By Heather Callaghan
Researchers from Monash Asia Institute at Monash University found that you can spice up your memory and help with diabetic and prediabetic conditions, with a tiny amount of a powdery substance that might be in your cabinet as we speak.
This substance can be added to scrambled egg recipes…
Can make porridge and oatmeal pop when something sweet is added.
Mixed into pancake batters.
Sprinkled atop some waffles and blended with maple.
Mixed with leftovers…
Or in the case of this study, placed on plain ol’ boring toast.
And of course, it doesn’t have to be for breakfast… Have you guessed what it is yet?
Researchers for the study published in the Asia Pacific Journal of Clinical Nutrition found that adding just one gram (about 1/4 to 1/3 teaspoon) of turmeric to breakfast could help improve the memory of people who are in the very early stages of diabetes and at risk of cognitive impairment.
Cognitive impairment and dementia have been connected to diabetes in the past, so it made sense to test the powers of turmeric on both. Curcumin, which accounts for 3 to 6 percent of turmeric and has been shown by experimental studies to reduce the risk of dementia. And it is true that black pepper increases the bioavailability of curcumin by a thousand times.
Emeritus Professor Mark Wahlqvist said that early intervention by halting dementia/diabetes or softening its impact can reduce the burden of the aging population’s rising cases of diabetes which leaves them predisposed to other disease and disorders.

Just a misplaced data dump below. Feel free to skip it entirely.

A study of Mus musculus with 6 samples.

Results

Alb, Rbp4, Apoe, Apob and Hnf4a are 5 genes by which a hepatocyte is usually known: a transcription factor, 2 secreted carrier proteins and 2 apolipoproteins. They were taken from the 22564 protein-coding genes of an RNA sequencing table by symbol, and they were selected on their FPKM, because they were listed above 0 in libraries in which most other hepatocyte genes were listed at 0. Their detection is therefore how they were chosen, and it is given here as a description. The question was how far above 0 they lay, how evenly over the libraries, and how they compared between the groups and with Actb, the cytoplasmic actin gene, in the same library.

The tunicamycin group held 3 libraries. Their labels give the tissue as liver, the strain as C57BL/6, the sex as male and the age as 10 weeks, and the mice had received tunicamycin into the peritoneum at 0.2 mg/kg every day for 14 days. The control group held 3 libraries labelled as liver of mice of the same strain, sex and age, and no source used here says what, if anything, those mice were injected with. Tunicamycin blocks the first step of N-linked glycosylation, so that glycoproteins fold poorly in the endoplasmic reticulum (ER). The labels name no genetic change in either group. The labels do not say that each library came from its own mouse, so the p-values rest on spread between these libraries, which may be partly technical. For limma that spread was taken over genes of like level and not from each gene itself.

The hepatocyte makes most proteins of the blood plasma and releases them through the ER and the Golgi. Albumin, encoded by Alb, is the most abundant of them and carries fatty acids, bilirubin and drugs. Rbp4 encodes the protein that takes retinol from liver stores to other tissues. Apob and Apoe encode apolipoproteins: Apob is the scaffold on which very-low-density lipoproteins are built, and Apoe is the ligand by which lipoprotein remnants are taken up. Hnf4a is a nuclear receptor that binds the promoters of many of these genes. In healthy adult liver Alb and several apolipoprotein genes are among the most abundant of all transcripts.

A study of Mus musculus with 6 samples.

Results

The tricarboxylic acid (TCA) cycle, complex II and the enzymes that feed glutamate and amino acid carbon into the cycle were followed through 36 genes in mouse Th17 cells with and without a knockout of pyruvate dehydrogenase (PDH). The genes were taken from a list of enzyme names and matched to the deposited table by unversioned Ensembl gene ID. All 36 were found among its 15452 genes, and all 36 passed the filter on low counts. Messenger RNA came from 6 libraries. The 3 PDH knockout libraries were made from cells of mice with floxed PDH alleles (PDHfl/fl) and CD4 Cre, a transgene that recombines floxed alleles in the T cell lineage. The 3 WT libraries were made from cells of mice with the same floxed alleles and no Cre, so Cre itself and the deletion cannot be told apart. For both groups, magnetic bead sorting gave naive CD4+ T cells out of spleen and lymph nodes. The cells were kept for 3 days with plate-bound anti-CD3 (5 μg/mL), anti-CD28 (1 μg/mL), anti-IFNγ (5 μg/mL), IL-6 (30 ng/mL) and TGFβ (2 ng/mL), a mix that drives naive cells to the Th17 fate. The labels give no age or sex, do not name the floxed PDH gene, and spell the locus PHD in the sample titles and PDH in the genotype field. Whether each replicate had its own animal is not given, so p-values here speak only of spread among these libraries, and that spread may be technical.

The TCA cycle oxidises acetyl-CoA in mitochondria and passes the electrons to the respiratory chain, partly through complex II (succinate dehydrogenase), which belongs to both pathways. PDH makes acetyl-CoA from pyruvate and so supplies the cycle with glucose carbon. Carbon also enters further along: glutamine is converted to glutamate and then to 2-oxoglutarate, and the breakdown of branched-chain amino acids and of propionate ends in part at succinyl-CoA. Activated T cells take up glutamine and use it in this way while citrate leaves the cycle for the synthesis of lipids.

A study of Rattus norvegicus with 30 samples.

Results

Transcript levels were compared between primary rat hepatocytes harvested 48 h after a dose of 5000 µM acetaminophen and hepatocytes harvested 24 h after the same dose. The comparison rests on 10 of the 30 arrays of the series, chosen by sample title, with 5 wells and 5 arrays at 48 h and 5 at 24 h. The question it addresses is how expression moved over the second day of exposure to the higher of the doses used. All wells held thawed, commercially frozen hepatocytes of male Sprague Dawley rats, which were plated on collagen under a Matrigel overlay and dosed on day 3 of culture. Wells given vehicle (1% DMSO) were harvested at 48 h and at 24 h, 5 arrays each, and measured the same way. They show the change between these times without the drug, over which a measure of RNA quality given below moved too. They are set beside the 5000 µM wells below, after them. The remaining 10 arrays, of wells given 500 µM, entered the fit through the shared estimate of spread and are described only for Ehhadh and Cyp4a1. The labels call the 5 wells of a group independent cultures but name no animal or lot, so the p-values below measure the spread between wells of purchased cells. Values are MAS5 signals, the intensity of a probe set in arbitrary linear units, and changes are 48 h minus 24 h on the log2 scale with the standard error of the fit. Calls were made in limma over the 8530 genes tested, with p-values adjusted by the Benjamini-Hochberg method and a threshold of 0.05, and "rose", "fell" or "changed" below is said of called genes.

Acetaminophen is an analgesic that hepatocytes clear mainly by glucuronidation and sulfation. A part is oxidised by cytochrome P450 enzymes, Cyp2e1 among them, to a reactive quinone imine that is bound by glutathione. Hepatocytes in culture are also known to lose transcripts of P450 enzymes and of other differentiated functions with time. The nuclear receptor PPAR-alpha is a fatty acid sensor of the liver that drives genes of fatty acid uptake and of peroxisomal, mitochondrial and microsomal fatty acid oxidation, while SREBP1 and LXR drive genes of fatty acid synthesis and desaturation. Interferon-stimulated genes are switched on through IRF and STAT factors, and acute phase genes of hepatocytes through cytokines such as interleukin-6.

Wahlqvist recently led a study in Taiwan that tested the working memory of men and women aged 60 or older who had recently been diagnosed with untreated pre-diabetes.
Working memory is widely thought to be one of the most important mental faculties, critical for cognitive abilities such as planning, problem solving and reasoning.
Assessment of working memory is simple and convenient, but it is also very useful in the appraisal of cognition and in predicting future impairment and dementia.
In the placebo-controlled study, subjects were given one gram (about 1/4 to 1/3 teaspoon) of turmeric with an otherwise nutritionally bland breakfast of white bread. Their working memory was tested before and some hours after the meal.
We found that this modest addition to breakfast improved working memory over six hours in older people with pre-diabetes
Our findings with turmeric are consistent with these observations, insofar as they appear to influence cognitive function where there is disordered energy metabolism and insulin resistance.
Check out more of Wahlqvist’s publications here.
Part of the reason turmeric is known to help with diabetes is the very fact that it can lower blood sugar. This means that if you have hypoglycemia or low blood sugar, thyroid problems that mess with blood sugar, and blood pressure problems you should consult with your preferred healthcare practitioner first. It is also naturally a blood thinner! Turmeric can mess with the effects of those medications as well. See other cautions here.
Turmeric is potent for the ability of such small amounts to create tangible change in the body, including pain relief. Please get yours inexpensively in bulk at the healthfood store, but yes, you can find the spice online too, cheaper in bulk. Look for organic and non-irradiated for best benefits.